Operating System Assembly language for different architectures

I am new to this subject so forgive my ignorance?

I just started learning assembly for x86 processors on my linux system. I wrote a simple bootloader which worked but was specific to x86. Also I understand the registers etc are very different for intel and amd or 32 bit and 64 bits. So how is an operating system or application written for various architectures at the same time. Yes applications are operating system specific but shouldn't they be cpu specific also. Like when they are compiled into machine code, they need to be made for one type of processor(since registers etc are different for different architectures)? So how do they do it?

Or is it possible that all x86 has common registers and instruction set like athlon, pentium, i3, i5 etc and it is only different between x86 and 64 bit architecture?


What you said at the end is correct - all x86 has a common set of instructions, although the details of what it does under the hood is obviously very different. For example, on Intel hardware you actually have hidden registers which the x86 assembly instructions can't actually access.

The parts of the operating system that are written in assembly would require different assembly instructions for different architectures (x86 vs PPC vs ARM etc...)

The parts of the operating system that are written in c may also have some differences, for example when moving to x64 you can no longer assume that a pointer is 4 bytes. To deal with these differences in the C level the code would typically use lots of #ifdefs to deal with the differences.

This is of course a very big topic and the above is just a very general overview.

When you start looking at low-level code (e.g. boot code, kernels, etc) the idea that high level language code is portable is nonsense. There are a lot of things where different CPUs need different code but no high level language has support. This includes switching CPU modes, setting up paging, storing/loading task state (during task switches), etc.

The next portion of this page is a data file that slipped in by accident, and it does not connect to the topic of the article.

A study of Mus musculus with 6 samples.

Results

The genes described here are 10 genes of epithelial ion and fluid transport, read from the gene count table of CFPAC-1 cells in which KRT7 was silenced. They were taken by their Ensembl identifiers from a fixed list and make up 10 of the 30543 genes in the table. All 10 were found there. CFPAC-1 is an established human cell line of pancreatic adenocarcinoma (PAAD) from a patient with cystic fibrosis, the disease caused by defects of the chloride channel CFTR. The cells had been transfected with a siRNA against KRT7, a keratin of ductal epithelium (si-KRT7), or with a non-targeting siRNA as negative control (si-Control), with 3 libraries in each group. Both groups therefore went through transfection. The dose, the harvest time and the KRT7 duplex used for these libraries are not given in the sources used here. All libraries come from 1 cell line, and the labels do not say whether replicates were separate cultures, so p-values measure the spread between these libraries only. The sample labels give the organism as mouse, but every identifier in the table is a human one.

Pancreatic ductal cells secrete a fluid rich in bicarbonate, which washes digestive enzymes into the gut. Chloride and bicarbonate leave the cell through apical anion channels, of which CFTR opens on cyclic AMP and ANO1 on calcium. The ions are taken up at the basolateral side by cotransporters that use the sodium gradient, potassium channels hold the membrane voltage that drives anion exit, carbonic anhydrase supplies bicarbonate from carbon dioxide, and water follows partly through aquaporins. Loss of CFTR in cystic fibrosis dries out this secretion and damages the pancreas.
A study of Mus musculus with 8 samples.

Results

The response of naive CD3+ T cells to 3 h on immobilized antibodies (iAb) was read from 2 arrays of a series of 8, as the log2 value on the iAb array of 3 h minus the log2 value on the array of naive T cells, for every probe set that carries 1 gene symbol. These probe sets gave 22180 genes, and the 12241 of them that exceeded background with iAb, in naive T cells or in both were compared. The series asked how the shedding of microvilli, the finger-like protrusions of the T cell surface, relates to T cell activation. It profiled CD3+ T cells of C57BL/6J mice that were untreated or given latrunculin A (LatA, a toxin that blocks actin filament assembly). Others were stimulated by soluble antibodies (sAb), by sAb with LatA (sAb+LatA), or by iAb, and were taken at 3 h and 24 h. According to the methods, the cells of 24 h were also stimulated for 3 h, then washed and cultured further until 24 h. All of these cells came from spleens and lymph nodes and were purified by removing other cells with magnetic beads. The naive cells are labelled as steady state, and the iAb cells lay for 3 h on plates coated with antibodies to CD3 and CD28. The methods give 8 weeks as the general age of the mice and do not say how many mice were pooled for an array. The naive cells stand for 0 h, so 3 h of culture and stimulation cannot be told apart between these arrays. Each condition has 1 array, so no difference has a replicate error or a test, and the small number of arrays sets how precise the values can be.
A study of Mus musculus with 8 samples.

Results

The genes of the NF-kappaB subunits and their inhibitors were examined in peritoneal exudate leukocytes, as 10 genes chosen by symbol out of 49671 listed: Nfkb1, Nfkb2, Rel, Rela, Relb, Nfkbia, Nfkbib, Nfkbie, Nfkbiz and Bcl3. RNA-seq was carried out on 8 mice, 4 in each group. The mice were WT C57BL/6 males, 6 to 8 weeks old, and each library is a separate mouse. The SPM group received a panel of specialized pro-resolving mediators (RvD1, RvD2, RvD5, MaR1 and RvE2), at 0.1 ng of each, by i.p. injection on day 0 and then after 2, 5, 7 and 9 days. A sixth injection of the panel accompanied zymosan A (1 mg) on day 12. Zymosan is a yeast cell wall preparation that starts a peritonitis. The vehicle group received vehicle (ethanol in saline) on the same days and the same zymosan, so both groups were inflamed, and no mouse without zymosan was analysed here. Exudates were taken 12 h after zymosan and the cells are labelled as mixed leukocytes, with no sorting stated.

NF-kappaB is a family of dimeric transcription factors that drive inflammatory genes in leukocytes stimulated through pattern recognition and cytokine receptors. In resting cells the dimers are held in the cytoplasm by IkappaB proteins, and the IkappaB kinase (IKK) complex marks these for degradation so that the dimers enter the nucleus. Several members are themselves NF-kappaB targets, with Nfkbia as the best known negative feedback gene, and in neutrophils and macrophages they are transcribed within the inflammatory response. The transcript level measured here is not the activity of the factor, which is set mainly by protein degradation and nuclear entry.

To work around this you end up using non-portable code (assembly). For kernel code this typically means using things like conditional code (e.g. #ifdef i386) and shifting the non-portable parts into special (CPU/architecture specific) directories; so that the majority of the code is portable (but a small part has to be rewritten for each different case).

The same applies to boot code; but here it gets a little messier because there may be several different "pre-boot environments" (e.g. BIOS and UEFI) for the exact same CPU. I think everyone deals with this in their own different way.

Note that 80x86 has "historically related" registers and instruction sets. This does not mean the same code can work on all 80x86 CPUs (or even the same CPU in different modes). There's several modes (mainly 16-bit, 32-bit and 64-bit) that require different code, and then there's several extensions (3DNow, MMX, SSE, AVX) that add additional registers and may or may not exist. There are also parts of the CPU (e.g. performance monitoring) which are "model specific".